Understanding the history behind funerals can give us a glimpse into our lineage as a species. Moreover, it can provide us with insight into how we’ve viewed death throughout millennia and the meaning we’ve always found in honoring and memorializing our loved ones. So take a moment to read through this brief overview and learn about the fascinating history of funerary customs.
Understanding the history behind funerals requires a knowledge of where they originated. And the first stirrings of formal death rites as a human practice date back 225,000 years ago, as demonstrated through an archeological find in north-east Wales.
Researchers found the teeth of nearly 15 neanderthal men on a site without any indication of other remains. It’s believed that these teeth were signage of a mass grave, one of the first in known human history. Researchers made another similar discovery in Spain, denoting the burials of up to 32 people.
And finally, prehistoric humans performed a ritual known as de-fleshing as a formal means of honoring the dead. We don’t know much about why early humans practiced this grim ritual, but experts suspect that it was to salvage the bones of the deceased to make into sacred relics.
The Origin of Burials
As humanity began to evolve, the methods we chose to honor the dead became slightly more sophisticated. This newfound sophistication conceived the idea of ceremonial burial. The first instances of such burials may have occurred between 23,000 and 27,000 years ago.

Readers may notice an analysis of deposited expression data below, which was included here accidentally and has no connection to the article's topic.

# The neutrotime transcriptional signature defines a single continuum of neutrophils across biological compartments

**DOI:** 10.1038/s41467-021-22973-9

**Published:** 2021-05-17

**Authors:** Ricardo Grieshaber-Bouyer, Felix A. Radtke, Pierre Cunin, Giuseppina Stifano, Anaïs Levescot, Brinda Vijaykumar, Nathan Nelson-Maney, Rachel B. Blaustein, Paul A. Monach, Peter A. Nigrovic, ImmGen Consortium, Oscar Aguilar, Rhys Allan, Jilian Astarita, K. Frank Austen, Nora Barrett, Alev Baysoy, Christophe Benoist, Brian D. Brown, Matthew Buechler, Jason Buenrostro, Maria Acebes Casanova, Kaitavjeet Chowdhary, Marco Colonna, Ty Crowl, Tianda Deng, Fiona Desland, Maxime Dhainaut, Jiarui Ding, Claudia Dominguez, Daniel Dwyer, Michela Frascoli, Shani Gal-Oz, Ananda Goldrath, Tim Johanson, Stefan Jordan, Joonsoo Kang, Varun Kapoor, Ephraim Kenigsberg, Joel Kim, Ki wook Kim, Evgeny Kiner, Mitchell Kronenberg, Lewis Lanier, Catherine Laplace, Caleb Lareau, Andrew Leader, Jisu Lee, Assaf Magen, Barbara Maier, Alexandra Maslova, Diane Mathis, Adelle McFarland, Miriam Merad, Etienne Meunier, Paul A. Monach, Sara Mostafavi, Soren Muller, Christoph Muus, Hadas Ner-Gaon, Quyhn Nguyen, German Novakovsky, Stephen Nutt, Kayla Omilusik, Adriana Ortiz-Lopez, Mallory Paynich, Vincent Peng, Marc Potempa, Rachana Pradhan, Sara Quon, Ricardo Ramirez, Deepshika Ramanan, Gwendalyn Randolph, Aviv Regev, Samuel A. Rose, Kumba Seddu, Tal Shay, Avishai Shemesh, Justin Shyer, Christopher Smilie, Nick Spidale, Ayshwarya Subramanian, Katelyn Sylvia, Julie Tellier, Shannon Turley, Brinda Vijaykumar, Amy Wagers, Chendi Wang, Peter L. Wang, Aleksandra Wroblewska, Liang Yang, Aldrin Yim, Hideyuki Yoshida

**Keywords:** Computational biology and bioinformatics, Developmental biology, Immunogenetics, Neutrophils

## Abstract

Many have discovered evidence of these funeral rites across the globe, from Australia to Israel and Iberia. Some remains were buried alongside animal bones, while others showed the use of red ochre to turn the bones a reddish color.
After these initial discoveries, researchers uncovered others that revealed ceremonial funerals during the Upper Paleolithic Era. These ceremonies shared many commonalities with those of older origin, but with the addition of more funerary customs, such as burying the deceased with their personal belongings and other sentimental trinkets.
The Birth of the Western Funeral
Burials, as we recognize them today, originated in Ancient Greece. In fact, between the years of 3,000 and 1,100 BC, ceremonial burial was the popular choice for honoring the dead in this region. However, cremation pyres became the norm after this period and remained that way until the introduction of Christianity as a mainstream belief system.
And many ancient Christians largely rejected the idea of burning one’s bodily remains as a means of honoring the dead. Thus, as Christianity grew and the Catholic Church continued to gain influence, the tradition of formal burials, along with attendant services, wakes, and masses, sprung forth and became the long-standing funerary tradition of the western world.
Modern Funeral Rites
As decades pass, more people are beginning to revert to older methods, such as cremation, to honor and celebrate their loved ones. Cremation is just as meaningful as a burial and more cost-effective. This allows those honoring the deceased to focus on other aspects of memorial services rather than spending a fortune on a traditional funeral.
And while cremation ceremonies don’t always involve ceremonial burial rites, they entail other meaningful gestures, like the scattering of ashes and intimate readings of remembrance quotes to mourn the loss of loved ones.
Overall, humans have a long and fascinating lineage of honoring and mourning the deceased. Hopefully, this quick overview can provide insight into the evolution of funerals and some of the interesting customs that many still perform at ceremonies today.